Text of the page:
Skaters launch campaign to call for funding to reopen Murrayfield Ice Rink

Skaters at historic Murrayfield Ice Rink are launching a campaign to save Edinburgh’s only ice facility after the board warned that it would not open “in the foreseeable future”.
Murrayfield Ice Rink was built in 1938.Murrayfield Ice Rink was built in 1938.
Murrayfield Ice Rink was built in 1938.

The owners of the rink, which has been in ownership of the same families since the 1950s, issued a statement saying that opening with limited capacity and without crowds at weekly hockey matches, re-opening would not be financially viable – and pointed to a lack of government funding for leisure facilities which cannot operate in a normal way.

It costs around £13,000 a month in electricity costs alone to run Murrayfield Ice Rink, while the costs to re-start after lockdown, including laying new ice after it was melted in March – are estimated to be around £50,000.


Annabel Mansell is one of the rink's competitive adult skaters.Annabel Mansell is one of the rink's competitive adult skaters.
Annabel Mansell is one of the rink's competitive adult skaters.

Annabel Mansell, who started skating at Murrayfield four years ago, aged 34, is spearheading the campaign. Ms Mansell, who usually trains at least three times a week and competes in the British National Adult Championships, said the closure of the rink was a continued loss to the local community.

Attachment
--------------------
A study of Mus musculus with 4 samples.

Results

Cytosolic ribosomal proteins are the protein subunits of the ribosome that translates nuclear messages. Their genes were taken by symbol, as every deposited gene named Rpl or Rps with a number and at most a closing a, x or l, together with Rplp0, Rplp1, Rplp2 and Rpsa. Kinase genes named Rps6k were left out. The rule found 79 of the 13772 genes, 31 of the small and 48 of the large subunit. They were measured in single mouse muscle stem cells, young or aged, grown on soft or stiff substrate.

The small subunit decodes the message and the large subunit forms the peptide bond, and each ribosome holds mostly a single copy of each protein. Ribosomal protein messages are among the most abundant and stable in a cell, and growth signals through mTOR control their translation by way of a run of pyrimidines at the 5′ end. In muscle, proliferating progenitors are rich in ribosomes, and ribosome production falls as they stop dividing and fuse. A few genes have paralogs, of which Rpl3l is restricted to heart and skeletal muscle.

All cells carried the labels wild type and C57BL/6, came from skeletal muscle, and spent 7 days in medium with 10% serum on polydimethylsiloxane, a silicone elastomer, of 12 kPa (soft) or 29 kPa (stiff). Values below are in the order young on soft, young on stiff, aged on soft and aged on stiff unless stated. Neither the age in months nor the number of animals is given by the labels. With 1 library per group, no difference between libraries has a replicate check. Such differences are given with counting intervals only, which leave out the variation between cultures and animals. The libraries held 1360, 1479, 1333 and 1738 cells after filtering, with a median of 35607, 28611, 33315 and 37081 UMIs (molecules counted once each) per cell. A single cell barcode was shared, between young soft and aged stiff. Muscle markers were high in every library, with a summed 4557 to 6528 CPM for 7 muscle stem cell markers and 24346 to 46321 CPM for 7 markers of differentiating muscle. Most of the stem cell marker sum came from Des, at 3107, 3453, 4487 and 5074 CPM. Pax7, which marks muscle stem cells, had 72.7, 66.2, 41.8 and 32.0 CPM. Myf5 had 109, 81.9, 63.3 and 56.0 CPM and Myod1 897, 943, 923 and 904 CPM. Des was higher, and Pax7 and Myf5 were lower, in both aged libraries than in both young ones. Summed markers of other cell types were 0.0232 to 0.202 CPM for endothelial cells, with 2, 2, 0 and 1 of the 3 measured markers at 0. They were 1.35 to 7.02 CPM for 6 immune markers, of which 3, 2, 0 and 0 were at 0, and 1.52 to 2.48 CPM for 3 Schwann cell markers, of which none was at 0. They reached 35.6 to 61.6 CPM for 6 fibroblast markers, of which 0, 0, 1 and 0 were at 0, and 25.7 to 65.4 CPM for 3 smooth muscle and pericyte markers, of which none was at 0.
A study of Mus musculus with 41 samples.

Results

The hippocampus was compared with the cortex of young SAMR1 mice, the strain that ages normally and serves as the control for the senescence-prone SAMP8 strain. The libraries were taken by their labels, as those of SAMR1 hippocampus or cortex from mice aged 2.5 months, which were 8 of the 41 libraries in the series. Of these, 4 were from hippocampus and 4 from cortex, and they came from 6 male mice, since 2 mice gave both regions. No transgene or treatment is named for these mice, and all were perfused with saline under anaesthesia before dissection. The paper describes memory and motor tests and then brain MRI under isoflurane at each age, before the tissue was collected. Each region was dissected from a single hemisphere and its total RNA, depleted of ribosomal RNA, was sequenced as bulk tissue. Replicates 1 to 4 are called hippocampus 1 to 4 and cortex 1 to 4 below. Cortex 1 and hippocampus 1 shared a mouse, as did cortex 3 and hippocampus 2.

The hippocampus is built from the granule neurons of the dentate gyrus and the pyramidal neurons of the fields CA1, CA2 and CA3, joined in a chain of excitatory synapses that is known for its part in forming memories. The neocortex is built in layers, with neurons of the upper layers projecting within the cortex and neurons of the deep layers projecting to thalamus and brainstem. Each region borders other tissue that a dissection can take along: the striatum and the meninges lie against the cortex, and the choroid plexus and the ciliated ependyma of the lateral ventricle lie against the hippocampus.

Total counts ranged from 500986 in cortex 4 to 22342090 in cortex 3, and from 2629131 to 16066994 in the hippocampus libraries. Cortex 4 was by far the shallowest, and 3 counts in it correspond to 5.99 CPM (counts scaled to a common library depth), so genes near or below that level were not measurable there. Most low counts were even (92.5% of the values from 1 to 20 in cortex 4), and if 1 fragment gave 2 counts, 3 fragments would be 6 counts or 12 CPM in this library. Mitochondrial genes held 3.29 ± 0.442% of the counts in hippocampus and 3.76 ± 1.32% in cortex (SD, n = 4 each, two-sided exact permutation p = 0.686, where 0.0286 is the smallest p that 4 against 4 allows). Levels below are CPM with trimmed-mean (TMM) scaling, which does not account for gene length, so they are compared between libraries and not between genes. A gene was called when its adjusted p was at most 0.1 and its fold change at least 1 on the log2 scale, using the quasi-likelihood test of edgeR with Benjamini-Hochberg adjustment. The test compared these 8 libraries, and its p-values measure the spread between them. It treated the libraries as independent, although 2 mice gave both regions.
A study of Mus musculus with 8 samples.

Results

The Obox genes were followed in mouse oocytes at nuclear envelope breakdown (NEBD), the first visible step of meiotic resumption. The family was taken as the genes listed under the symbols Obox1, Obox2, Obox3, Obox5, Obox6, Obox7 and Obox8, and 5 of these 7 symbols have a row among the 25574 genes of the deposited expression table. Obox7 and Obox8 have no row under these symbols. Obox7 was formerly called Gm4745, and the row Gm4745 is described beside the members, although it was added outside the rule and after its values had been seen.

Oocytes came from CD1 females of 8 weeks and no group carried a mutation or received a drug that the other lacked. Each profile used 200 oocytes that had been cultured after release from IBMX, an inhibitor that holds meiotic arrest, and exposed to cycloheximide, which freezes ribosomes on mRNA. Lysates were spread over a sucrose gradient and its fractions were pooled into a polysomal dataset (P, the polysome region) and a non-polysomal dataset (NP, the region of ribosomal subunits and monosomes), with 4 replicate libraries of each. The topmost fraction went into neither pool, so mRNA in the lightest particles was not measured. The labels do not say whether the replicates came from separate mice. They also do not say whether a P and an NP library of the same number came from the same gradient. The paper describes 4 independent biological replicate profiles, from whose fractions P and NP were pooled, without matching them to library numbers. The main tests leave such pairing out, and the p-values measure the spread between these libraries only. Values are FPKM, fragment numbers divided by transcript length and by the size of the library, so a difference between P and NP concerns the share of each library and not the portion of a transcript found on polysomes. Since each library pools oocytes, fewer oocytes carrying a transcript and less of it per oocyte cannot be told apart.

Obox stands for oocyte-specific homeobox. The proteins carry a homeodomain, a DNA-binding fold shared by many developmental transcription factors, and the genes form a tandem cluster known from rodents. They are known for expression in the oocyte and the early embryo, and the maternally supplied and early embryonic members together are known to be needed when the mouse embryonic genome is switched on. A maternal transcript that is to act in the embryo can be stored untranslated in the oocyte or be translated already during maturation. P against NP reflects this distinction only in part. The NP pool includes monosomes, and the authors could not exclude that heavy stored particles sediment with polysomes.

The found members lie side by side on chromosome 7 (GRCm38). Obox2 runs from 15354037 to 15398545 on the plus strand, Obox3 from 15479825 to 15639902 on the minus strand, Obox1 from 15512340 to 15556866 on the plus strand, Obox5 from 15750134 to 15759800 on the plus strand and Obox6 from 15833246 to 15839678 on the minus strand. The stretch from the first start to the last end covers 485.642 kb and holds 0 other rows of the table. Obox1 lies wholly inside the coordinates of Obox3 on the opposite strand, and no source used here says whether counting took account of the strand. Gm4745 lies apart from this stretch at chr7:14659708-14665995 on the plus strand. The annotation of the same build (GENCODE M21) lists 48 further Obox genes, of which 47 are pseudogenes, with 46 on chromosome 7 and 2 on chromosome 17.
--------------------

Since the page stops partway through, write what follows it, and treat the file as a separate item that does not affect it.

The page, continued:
She said: “To not fund a facility that has operated without any funding for the government for more than 50 years is ludicrous. A lot of the other rinks in Scotland which have opened are council owned, so have back-up funding, whereas Murrayfield is one of the only privately-run rinks in Scotland.

"It is bad enough for me as an adult skater, but for some of the kids who have real potential, it is a huge shame and some of them are having to travel all over the country to be able to train. It is such a great sport for the community – there is no other sport where I could train with a six year old and a 90 year old on the same session.”


Willie Kerr, one of the joint owners, said: “With a large amount of funding, there is a chance we could look at opening around Christmas, but that would take serious funding – or at least back-up, if we had to shut again. Without that, it is going to be August next year. It is just financially not viable to run it. We want to have the rink open for everyone’s benefit.

"There hasn’t been any consideration given to businesses like ours – or swimming pools – which you can’t just switch on and off. If we came back tomorrow and started laying the ice, there could be another local lockdown next week.”

A petition has been launched by rink users to save the facility, generating almost 200 signatures in the first hour.


It added: “Without the same level of financial support that has been granted to the arts and culture sector we are now at a stage where essential measures are required to reduce costs to a minimum in order to protect the long term future of the business.”

The Scottish Government said it was aware that some businesses remain in a “very challenging financial position”.

A spokesperson said: “We understand the severe impact this pandemic has had on people’s lives across Scotland – it’s been an enormously challenging time for the sporting sector and the pandemic has put a real financial strain on many organisations.


“We will continue to work with partners in the sporting sector, including sportscotland and local authorities, around how we best support the sector and identify any further available funding.”